We reproduce Bishop Richard's Christmas message to the readers of the Warrington Guardian
Lonely this Christmas
There are many parts to Christmas you just can’t escape and one of those is the continual loop of the Christmas album. It’s hard to escape Merry Christmas Everybody or some similar Christmas classic booming out in every shop doorway. Then, in among the festive joviality, you often get Mud’s, Lonely this Christmas a more sober song from someone feeling the absence of a loved one.
That brings me up short. For like so many I want to talk about the joys of Christmas, the gathering together of family, the games, the food and the laughter. And of course I want to talk about the joys of the Christmas story. It was the birth of the Lord Jesus Christ in that Bethlehem stable which created the joy. We know that because the angels commanded us to rejoice proclaiming that Jesus brought Joy to the World.
But I know many are in fact lonely this Christmas. Many find Christmas more painful than joyful, separated from their loved ones by death, distance or breakdown in the relationship. Research has shown that more and more of our elderly population face Christmas knowing that won’t see a single person.
Is Christmas not for them then? No, of course, that’s not the case for the bible tells us that God loved the whole world. That he sent his son to be among the whole world, to understand our suffering and to be alongside those who are in need. That’s the deep joy of Christmas. The knowledge that this is the start of a story that goes from the poverty of a stable, through the agony of the cross to the joy of resurrection. A story of God being with us in every part of our lives, not waving a wand to make everything magically better. That’s a false promise. The real promise is that God is giving us strength.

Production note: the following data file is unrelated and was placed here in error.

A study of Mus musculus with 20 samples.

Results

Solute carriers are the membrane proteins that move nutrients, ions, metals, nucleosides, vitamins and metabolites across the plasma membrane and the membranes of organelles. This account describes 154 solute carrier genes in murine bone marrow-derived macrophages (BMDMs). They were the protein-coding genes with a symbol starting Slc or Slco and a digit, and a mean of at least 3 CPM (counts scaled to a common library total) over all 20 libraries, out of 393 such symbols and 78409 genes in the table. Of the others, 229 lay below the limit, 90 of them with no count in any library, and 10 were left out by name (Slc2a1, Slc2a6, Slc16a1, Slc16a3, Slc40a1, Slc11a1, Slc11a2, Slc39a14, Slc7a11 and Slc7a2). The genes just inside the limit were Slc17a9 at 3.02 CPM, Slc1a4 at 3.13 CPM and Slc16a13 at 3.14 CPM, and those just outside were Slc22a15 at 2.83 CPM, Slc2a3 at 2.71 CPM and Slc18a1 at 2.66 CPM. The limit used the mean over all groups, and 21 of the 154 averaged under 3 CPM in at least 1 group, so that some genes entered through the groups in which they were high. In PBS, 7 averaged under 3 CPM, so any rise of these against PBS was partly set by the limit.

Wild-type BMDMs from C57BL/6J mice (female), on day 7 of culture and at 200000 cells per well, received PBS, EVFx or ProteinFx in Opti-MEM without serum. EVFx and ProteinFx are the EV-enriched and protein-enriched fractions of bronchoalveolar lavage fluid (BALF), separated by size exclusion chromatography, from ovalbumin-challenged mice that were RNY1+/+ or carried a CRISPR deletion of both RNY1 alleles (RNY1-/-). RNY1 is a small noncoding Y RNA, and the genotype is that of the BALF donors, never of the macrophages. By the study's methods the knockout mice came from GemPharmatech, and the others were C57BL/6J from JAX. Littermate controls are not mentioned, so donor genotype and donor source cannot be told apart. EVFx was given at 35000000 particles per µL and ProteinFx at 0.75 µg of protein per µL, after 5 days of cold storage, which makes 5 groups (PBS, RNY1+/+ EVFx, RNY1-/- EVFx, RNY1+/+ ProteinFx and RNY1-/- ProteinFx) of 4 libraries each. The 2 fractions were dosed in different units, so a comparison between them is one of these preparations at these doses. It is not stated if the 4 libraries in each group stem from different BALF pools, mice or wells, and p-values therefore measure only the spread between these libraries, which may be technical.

As Christians we need to recognise that but we also need to recognise that knowing this for ourselves is not enough. The lonely, pained people are all around us and we need to reach out. I know of many churches that do this. Through organising lunches for folk, supporting foodbanks and creating services that reach out to those who find the celebratory tone of Christmas a challenge.
When Jesus was born God was reaching out a hand of friendship to the world. This Christmas we need all faiths and none, to pause from our own celebrations and reach out that hand of friendship to others offering the deep joy that true love can bring.